THE last few weeks have been very refreshing for me, the volume of coaching has dropped and it has given me an opportunity to recharge the batteries but more importantly to continue some coach education.
I really enjoy reading and researching sports books and at the moment I am currently making my way through ‘Teaching Sports Concepts and Skills, A Tactical Games Approach.’
It’s a very informative book with loads of concepts and tactically theories behind a multitude of sports such as lacrosse, rugby, soccer, basketball and what it does is expand your knowledge and understanding on tactical transfer among games and how to transfer problem solving situations from one game to another.
Jim McGuinness penned in his book the line “education empowers people.” I say this to children in school all the time, you can never have enough education or knowledge; you must challenge yourself to grow.
That leads me to this week’s article, Mick Fanning of the Skerries club in Dublin recently asked me to come down and deliver a coaching morning on Saturday, January 20.
It promises to be a cracking morning, commencing at 11.30am and finishing at 1.45pm. The day will consist of a pitch session and two indoor sessions.
The first session, starting at 11.30am, will be an outdoor pitch session performed by the Skerries minor footballers and delivered by myself.
The theme of the session will be ‘Developing Offensive Transition Play’ and will consist of some basic principles of transition play followed by approximately eight innovative games you can use at all levels from underage to senior to develop your teams offensive transition play.
We will also explore ways in which teams can combat and break down crowded defences, which is obviously a big part of the modern game.
In the first indoor session, Melissa Broderick, an experienced pilates instructor with over a decade’s experience delivering PE in schools and working with senior GAA teams, will deliver a session titled “GAA Specific Pilates.”
In Gaelic Games, many of the injuries sustained on the pitch are certainly avoidable if only players paid more attention to the balance of their muscles. Common injuries in our game include: groin strains, hamstring strains, ankle injuries and back problems. Much of the problem lies with muscle imbalance in the body.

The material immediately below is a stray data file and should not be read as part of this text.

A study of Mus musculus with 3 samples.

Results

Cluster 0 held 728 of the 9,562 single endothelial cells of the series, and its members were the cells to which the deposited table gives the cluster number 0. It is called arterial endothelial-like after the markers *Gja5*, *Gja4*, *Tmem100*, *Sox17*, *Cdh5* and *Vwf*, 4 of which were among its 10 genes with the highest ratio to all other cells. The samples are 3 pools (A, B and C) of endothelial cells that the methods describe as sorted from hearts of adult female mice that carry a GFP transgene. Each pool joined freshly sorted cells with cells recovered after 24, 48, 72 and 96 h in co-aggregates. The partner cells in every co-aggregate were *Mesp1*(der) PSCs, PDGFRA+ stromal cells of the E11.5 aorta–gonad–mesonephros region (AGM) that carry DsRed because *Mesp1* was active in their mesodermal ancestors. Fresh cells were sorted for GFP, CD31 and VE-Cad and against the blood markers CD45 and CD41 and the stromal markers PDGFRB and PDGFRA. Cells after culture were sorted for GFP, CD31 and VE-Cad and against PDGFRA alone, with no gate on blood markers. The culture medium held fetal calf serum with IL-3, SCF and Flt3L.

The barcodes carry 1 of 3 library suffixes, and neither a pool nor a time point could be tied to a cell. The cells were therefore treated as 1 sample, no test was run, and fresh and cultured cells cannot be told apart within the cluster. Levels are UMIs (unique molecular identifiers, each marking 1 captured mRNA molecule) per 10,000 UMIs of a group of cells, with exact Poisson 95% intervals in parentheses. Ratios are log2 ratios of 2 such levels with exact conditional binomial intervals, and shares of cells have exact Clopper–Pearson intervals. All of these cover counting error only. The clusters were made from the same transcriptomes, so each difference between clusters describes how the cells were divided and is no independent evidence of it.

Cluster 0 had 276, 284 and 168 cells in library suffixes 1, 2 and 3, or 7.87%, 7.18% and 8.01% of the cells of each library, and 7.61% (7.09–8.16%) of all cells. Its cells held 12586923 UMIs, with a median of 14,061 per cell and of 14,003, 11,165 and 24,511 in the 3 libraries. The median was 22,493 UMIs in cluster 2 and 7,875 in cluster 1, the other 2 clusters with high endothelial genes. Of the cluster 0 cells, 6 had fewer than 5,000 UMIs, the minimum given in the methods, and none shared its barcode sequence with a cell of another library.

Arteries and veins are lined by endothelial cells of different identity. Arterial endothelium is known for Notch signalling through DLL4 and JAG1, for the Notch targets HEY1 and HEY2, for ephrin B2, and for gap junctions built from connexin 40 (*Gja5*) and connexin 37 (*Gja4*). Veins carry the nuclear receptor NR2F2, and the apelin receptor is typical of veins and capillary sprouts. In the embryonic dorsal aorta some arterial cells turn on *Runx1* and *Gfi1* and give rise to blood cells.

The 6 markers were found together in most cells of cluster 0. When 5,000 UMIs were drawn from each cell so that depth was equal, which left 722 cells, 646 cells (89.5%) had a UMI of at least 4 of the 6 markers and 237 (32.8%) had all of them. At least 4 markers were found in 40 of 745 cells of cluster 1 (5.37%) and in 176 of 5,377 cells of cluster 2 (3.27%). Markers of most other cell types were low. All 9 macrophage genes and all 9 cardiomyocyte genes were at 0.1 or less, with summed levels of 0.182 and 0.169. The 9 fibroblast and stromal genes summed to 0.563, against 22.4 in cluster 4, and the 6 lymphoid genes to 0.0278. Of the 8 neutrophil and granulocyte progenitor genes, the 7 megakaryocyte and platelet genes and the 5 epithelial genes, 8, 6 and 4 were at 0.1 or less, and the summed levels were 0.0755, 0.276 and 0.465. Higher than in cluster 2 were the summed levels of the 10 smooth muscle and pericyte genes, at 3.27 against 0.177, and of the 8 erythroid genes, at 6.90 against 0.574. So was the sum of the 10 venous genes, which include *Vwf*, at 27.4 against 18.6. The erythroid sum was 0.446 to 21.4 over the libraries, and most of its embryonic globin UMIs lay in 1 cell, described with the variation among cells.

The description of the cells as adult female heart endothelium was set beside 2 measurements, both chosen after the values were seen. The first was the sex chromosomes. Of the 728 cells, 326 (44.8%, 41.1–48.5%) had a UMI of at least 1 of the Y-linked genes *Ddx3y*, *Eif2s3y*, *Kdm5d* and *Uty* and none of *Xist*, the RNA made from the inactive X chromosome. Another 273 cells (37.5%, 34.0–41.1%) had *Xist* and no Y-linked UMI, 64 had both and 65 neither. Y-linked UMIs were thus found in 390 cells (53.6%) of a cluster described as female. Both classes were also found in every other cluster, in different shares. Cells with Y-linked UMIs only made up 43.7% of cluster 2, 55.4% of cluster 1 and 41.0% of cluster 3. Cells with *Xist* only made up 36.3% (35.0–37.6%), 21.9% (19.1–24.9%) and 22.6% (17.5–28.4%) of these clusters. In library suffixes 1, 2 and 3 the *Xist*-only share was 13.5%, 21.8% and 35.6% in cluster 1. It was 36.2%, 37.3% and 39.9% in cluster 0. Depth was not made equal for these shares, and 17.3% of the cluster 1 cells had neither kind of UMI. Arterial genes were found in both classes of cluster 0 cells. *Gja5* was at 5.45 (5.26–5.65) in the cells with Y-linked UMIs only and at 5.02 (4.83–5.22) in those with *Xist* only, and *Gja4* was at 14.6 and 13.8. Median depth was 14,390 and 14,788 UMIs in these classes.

Examples of imbalance in Gaelic footballers: strong overworked quad muscles, tight hamstrings, tight calf muscles, weak gluteal muscles, tight hip flexors (prominent in kicking) and overworked back extensors.
Add into this the fact most footballers are predominantly strong one-sided (i.e. kick with right/left side) and it can cause a weakness in the opposite side. So we are basically left with a footballer’s body with a poor trunk and pelvis stability and very poor flexibility.
Melissa will show a number of ways you can improve this crucial imbalance and through an innovative pilates session, will demonstrate methods that will provide you with a more conditioned and injury free squad.
In the second indoor session, I will present a presentation on ‘Planning the Perfect Session’ and it will consist of a powerpoint presentation showing strategies and guidance on planning your perfect session, depending on the age of the squad, numbers in the squad, length of time, time of the year and what your session should consist of.
This will be followed by a short Q and A to finish the day and it promises to be an excellent morning of learning and one that no one should miss.
In coaching you should never stop learning and even on the morning in Skerries I am looking forward to learning myself during the innovative pilates session.
Remember what Jim said, education empowers people, knowledge and learning empowers coaches, don’t stop!
*The Day starts at 11.30am, it costs 10euro to attend, which can be paid on the day. Anyone interested should contact Mick on 00353 874174917 or myself on 00447779780919 or email firstname.lastname@example.org to book a place.